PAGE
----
Died: August 29, 2021.
CRUMPLED, curmudgeonly, often irascible, Ed Asner, who has died at the age of 91, excelled at playing grumpy characters who weren’t easy to get along with.
This was evident to a younger generation of fans in his role of Carl Fredricksen, the memorably grumpy widower who tethers thousands of balloons to his home and sets off
for South America in Up, the Oscar-winning Pixar animation in 2009. Some critics suggested there should be a new award category for “best vocal acting”.
Such was the talent of the man, who made his name by starring in both The Mary Tyler Moore Show and as the eponymous Lou Grant, that in addition to gruff roles he could also play warm, genial ones – he was often cast, for example, as Santa.
His depth was underlined by his becoming the male actor with the highest number – seven – of Primetime Emmy awards. He also won five Golden Globes.
The complainer in him, however, didn’t feel satisfied by his lot. “I never get enough work,” he said in 2009. “It’s the history of my career. There just isn’t anything to turn down and it’s a shame.”
Asner’s sturdy shape, his almost disappeared hairline and his tough smile meant he didn’t present as leading-man material, and he wasn’t always inundated with offers.
But there was another reason why work opportunities may have been denied him; Asner, whose career began during the McCarthy era, was a renowned activist.
During the filming of his 1970s award-winning newspaper office drama, Lou Grant, he complained about “our country’s constant arming and fortifying of the military in El Salvador, who were oppressing their people.”
It was an admirable stance but it resulted in a Hollywood backlash from the likes of the sanctimonious Charlton Heston, the on-screen Moses, who accused Asner of being un-American. Bomb threats were made on Asner’s life and he even had to have armed guards.
He blamed the controversy for ending the five-year run of Lou Grant. CBS insisted declining ratings were the reason, which was not
Born in Kansas City, Eddie (the given name on his birth certificate) Asner and his four brothers and sisters lived above the junkyard run by his father, Morris.
Asner grew up smelling the stench of poverty. His eyes were scorched by inequality, from seeing his German-Jewish father traipse his pony and cart junk around the city and his mother, Lizzie, work in packing factories. The Depression years taught him how the car plants used men up and spat them out.
His Jewish religion underlined his sense of persecution. “But it was a strengthener,” he said in interview. “It gave me a hunger I may never have had.” But a hunger to become an actor? Not at first: “I never saw myself getting involved in the acting business, but I was always the loudest singer at Friday synagogue night services.”
At high school, Asner appeared on local radio and managed to get good enough grades to study journalism at the University of Chicago. But the pull was towards performance. His early attempts revealed a striking confidence, as he debuted as the martyred Thomas Becket in a campus production of TS Eliot’s Murder In The Cathedral.
He then dropped out of university – “I wanted to see the open road” – but instead he went back to Kansas and worked as a taxi driver and a car plant worker. His dream at the time? He harboured notions of meeting his student girlfriend in Ireland, of joining Dublin’s Abbey Theatre. “Then I discovered you had to speak Gaelic,” he said with a dry smile. “And my Hebrew wouldn’t cut it.”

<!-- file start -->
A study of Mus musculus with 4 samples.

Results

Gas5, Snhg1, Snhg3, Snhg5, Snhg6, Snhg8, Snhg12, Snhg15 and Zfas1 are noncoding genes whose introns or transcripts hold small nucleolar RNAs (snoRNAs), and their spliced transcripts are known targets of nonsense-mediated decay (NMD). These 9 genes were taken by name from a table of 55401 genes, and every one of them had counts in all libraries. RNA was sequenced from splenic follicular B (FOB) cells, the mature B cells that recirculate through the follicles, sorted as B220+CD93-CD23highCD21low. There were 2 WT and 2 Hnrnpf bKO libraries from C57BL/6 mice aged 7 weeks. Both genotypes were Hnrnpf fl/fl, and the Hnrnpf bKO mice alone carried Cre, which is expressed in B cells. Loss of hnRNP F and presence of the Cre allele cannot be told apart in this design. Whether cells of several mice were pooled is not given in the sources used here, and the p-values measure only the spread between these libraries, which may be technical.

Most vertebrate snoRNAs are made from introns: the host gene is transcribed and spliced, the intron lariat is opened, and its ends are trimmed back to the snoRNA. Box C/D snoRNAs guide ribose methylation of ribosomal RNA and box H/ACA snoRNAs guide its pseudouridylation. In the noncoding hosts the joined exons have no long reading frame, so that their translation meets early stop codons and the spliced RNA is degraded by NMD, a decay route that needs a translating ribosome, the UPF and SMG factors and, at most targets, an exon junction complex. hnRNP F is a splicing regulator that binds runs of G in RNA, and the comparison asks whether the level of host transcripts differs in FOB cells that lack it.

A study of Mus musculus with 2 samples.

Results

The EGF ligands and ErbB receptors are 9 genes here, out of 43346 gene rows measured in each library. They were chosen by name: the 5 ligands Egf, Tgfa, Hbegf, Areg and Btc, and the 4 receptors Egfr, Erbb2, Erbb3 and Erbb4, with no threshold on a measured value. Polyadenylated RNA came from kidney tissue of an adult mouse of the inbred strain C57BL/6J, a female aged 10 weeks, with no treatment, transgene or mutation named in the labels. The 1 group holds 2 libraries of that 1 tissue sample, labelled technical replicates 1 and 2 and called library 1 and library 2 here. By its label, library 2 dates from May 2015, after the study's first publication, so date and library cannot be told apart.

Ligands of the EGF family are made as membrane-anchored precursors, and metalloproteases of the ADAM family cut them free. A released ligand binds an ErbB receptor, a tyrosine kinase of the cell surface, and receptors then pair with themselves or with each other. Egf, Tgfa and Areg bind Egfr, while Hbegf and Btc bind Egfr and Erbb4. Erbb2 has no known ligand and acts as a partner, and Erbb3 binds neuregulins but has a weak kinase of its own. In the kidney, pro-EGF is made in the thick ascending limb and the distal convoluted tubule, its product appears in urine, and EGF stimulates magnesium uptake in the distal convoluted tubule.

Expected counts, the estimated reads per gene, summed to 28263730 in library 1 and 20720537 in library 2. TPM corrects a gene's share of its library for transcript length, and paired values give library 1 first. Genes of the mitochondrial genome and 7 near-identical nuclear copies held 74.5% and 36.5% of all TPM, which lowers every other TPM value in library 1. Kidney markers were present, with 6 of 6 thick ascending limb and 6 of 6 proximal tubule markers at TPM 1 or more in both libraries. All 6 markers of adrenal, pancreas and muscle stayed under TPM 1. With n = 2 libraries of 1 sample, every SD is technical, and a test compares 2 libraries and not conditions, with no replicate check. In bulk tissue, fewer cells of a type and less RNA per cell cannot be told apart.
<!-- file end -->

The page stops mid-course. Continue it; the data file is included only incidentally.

In 1951, he was drafted and served with the army signal corps in France. On return to the US he focused on acting. He moved back to Chicago to appear with former student friends at the 180-seat Playwrights Theatre Club (“above an old chop suey joint,”) where he starred in Chekhov’s The Seagull. “My mom would slip me the occasional fiver or tenner in a letter, to help with the rent.”
To improve his craft he moved to New York, where he appeared in Brecht’s The Threepenny Opera and opposite Jack Lemmon in Face Of A Hero. In 1961, he began to land TV roles such as Naked City, and the film El Dorado, opposite John Wayne.
The career-defining role of Lou Grant did not arrive until 1970, when he was cast in The Mary Tyler Moore Show. “I acted like I was a nut job,” he said of the audition. “Mary said to the producer, ‘Are you sure?’”
Asner was perfect for the role; angry, but with devilment in his eyes. (His first line to Moore was, “You’ve got spunk”; pacing his delivery perfectly, he added caustically: “I hate spunk!”) ,
He was perfect for the role of a newsman who was uncompromising in his defence of press freedom, a man who cared deeply about others. So convincing was he the eponymous spin-off show Lou Grant, was almost a given. And so, the success story (although he didn’t see it as such) continued throughout his career, with appearances in Rich Man, Poor Man, and in Roots. He starred in Elf (2003) and returned to Broadway in 2013.
He had three children with Nancy Sykes, whom he married in 1959. They divorced in 1988. Ten years later he married Cindy Gilmore, a producer; they separated in 2007 but did not divorce until 2015. He is survived by his children – Liza, Katie, Charles and Matthew, and 10 grandchildren.
Apart from a great body of work, Ed Asner was also a union activist. He became president of the Screen Actors’ Guild and throughout his career he continually questioned right-wing America.
Despite the gruff exterior, he genuinely cared about people, setting up the Ed Asner Family Center to “support people who are differently-abled”. Did his heightened critical voice limit his career? Most certainly. But then, had he been a more accepting person, we would never had had Lou Grant.